The White House is reportedly drafting plans to condition U.S. foreign assistance on religious freedom.
According to a report Monday evening in Politico, the proposal could cover both American military and humanitarian assistance.
Citing “two White House officials,” Politico cautioned that the proposed executive order is in the early drafting stages with many of the important details still up in the air.
But “its mere consideration shows how much the White House prioritizes religious freedom, an emphasis critics say is really about galvanizing Trump’s evangelical Christian base,” Politico wrote.
With exceptions such as the Rohingya in Burma and the Uighurs in China — much of the world’s religious persecution is aimed at Christians.
However some of the regimes with poor to terrible religious-freedom records — Saudi Arabia, Iraq, Egypt and Turkey — are U.S. allies. Others nations with shaky records such as Vietnam, India and China are important trading partners or political clients.
The officials told Politico that sanctions are being weighed and that the law will mimic a current U.S. law that conditions aid on an annual report on how countries act against human trafficking, but using the annual report by the U.S. Commission on International Religious Freedom.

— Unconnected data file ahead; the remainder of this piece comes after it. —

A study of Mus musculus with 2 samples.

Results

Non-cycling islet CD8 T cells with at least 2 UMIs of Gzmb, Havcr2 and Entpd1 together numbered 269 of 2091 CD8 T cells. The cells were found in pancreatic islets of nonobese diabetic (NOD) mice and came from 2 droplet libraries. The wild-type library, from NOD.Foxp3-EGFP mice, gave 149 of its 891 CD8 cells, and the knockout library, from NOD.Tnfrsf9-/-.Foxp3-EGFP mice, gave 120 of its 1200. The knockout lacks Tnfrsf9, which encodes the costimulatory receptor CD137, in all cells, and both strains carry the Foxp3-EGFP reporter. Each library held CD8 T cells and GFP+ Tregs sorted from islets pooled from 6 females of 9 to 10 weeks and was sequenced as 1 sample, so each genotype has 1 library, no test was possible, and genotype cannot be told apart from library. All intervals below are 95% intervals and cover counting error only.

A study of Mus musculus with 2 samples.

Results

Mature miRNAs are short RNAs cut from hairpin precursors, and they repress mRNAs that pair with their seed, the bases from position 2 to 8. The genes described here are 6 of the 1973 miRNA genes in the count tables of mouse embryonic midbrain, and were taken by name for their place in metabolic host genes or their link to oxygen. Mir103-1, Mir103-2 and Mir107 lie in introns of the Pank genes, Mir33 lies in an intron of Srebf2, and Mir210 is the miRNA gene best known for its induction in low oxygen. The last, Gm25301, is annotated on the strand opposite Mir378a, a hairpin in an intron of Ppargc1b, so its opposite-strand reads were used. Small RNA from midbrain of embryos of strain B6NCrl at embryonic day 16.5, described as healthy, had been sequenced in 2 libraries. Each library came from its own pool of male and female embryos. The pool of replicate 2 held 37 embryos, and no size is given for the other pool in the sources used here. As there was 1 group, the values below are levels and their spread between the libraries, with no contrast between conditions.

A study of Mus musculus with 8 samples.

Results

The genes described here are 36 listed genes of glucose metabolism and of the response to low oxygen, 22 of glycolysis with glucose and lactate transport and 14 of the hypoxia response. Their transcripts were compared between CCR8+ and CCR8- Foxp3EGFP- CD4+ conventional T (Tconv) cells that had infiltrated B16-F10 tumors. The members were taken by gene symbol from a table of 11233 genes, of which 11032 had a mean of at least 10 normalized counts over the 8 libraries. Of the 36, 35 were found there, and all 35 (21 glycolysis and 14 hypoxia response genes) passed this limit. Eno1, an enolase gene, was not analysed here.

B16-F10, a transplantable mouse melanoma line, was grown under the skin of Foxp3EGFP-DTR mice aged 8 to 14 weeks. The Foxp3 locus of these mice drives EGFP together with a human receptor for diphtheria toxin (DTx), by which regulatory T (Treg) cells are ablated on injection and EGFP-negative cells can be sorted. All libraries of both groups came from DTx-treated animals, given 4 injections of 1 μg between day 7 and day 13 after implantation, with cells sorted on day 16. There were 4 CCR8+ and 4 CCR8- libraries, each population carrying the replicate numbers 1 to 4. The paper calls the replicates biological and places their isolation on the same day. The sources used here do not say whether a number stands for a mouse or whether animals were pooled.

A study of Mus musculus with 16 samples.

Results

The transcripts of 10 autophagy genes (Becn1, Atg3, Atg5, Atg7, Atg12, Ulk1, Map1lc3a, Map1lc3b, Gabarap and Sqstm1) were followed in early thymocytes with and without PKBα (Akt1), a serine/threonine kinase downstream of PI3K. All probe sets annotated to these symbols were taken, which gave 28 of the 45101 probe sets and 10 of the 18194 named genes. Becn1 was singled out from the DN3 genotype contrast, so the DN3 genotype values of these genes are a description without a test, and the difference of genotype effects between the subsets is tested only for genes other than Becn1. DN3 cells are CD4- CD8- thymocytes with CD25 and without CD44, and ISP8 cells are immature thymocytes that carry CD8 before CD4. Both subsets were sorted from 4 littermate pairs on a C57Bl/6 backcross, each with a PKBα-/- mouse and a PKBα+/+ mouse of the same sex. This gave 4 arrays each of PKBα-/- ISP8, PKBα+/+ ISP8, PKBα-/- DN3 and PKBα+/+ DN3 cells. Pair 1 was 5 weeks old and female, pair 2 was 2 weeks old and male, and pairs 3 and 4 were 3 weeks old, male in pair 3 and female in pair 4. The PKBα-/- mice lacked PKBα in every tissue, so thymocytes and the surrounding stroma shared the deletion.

President Trump personally made it clear at his United Nations speech earlier this fall that religious-freedom will become a U.S. foreign-policy priority and announced a $25 million commitment to religious-freedom efforts.
“Hard to believe, but 80 percent of the world’s population lives in countries where religious liberty is in significant danger or even completely outlawed,” he said. “Americans will never tire in our effort to defend and promote freedom of worship and religion.”
According to Politico, Mr. Trump has not yet seen the proposal.